Thursday, August 16, 2007

Interesting letter

One of my regulars, Tobias, wrote a letter to the editor of the NY Times.

Tobias lives around the corner. He comes down with his wife, Liz, and their daughter Clare. They have been coming in since she was a small baby. They come in the afternoon, right before dinner starts up. They have a draft beer, maybe an appetizer. Their daughter now is coloring and doing all sorts of things. She is grabbing things, looking at them, inspecting them. She is quite curious. She is also picking up a lot of words. She knows my name. Jessica. She is getting to know most of the staff. Clare is able to point out the Saint Brigid's cross and is now grasping the pictures of people on the wall. She is sharp. It is great, for we get to watch her grow up. This is exactly the reason I got into the business. It is a place you can hang with your friends, take out your girlfriend or take your mother. It is pretty nice for family. It is great when I see a younger person in the place a few times, and then I see them come in for dinner with their parents. It is great to meet my friend's parents. They all know mine.

Tobias is a sharp guy. It is a sharp family. His letter was an interesting point of information on how to deal with terrorism in a responsible manner. Tobias teaches theology at SLU. He also used to be a cop.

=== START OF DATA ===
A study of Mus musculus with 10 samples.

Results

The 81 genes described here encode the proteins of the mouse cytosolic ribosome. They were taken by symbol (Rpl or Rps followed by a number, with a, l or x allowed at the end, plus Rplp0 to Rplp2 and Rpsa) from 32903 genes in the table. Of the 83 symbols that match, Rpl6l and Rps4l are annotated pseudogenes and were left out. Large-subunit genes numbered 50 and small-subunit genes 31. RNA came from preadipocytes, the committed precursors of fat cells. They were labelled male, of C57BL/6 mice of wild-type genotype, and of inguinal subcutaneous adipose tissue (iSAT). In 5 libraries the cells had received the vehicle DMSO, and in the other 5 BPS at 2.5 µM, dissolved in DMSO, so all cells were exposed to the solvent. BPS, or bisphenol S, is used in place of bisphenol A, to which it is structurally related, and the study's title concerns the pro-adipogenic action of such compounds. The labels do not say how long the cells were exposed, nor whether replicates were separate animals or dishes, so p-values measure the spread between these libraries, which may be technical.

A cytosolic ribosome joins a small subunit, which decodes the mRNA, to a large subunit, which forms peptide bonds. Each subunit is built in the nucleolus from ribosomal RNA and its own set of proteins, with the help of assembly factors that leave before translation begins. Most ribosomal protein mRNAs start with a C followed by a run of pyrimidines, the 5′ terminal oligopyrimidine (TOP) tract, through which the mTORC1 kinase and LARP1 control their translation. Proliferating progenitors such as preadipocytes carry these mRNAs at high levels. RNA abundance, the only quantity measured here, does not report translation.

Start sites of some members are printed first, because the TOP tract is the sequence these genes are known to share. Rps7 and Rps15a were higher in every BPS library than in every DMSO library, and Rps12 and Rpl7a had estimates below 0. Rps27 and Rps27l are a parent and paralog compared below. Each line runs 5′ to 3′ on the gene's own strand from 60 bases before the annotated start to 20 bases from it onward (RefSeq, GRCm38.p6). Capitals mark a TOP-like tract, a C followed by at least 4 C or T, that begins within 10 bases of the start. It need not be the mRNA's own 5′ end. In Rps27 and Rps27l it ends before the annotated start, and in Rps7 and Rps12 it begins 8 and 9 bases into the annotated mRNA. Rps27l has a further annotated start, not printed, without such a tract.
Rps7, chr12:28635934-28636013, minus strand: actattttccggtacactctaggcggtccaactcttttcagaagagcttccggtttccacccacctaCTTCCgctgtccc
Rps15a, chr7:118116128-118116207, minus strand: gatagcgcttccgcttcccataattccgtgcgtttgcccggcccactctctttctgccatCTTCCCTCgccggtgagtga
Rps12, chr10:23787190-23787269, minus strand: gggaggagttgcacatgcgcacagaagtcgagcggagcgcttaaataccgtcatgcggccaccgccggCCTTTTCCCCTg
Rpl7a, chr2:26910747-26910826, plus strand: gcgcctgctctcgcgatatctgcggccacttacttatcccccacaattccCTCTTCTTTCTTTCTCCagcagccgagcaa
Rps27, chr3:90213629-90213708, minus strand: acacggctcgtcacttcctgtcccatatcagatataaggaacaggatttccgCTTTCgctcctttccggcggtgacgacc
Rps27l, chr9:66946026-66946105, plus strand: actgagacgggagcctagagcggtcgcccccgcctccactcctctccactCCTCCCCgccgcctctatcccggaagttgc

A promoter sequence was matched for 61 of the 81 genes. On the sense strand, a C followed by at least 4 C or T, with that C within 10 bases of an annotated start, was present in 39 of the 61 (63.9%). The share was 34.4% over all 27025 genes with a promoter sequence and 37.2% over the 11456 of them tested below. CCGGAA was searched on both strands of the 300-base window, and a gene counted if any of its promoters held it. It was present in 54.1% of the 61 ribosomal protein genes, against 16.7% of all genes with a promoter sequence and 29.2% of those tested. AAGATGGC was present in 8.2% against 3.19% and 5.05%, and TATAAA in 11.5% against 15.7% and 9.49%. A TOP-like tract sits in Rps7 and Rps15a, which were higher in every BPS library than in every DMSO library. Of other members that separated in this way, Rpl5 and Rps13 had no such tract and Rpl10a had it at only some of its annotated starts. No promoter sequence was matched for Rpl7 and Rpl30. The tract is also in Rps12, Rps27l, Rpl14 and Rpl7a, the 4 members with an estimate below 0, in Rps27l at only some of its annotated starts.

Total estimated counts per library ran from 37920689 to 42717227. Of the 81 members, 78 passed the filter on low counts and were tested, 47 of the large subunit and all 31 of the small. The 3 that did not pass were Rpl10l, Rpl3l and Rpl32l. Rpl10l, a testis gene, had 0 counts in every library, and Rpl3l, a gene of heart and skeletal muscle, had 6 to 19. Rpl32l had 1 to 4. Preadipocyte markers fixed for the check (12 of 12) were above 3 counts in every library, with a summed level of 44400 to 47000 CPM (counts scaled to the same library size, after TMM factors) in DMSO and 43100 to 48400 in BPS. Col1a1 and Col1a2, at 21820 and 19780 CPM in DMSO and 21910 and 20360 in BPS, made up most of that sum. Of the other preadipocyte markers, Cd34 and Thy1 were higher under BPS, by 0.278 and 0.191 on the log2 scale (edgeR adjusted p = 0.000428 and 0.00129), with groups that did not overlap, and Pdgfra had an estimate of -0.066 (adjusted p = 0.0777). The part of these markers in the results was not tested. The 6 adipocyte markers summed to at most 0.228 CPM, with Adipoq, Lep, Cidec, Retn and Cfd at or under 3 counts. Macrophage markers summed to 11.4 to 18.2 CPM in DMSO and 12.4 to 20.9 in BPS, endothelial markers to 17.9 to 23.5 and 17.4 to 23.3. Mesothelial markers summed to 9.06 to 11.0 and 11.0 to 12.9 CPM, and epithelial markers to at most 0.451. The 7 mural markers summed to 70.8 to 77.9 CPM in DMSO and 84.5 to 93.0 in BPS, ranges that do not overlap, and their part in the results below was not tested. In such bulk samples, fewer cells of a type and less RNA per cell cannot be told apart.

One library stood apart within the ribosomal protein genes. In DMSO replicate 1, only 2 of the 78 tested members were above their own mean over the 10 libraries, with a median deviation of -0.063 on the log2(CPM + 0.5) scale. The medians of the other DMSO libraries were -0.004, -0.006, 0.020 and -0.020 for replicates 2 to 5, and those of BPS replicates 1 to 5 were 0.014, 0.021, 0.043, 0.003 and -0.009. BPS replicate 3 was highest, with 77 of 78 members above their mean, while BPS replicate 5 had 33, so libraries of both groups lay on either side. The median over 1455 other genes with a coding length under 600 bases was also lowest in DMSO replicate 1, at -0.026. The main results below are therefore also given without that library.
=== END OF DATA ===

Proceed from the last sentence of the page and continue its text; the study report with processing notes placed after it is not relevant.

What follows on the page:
You got to love the Jesuit schools. Great letter.

To the Editor:

Re "Why Terrorists Aren't Soldiers"(Op-Ed, Aug. 8):
Gen. Wesley K. Clark and Kal Raustiala are right to view terrorists as criminals rather than unlawful combatants. The 9/11 hijackers were not soldiers; they did not commit an act of war. What they did was murder, which is a criminal act, albeit on a horrific scale.
The most effective and lawful way to prevent and respond to terrorist attacks is through a police approach, conducted in concert with law enforcement agencies around the world. The United States and its allies should address transnational terrorism through the force of law rather than the law of force.

Tobias Winright
St. Louis, Aug. 8, 2007
The writer is an assistant professor of moral theology at St. Louis University.

(Notice that the NY Times misspelled Saint Louis University, so I should no longer be held responsible for my minor errors.)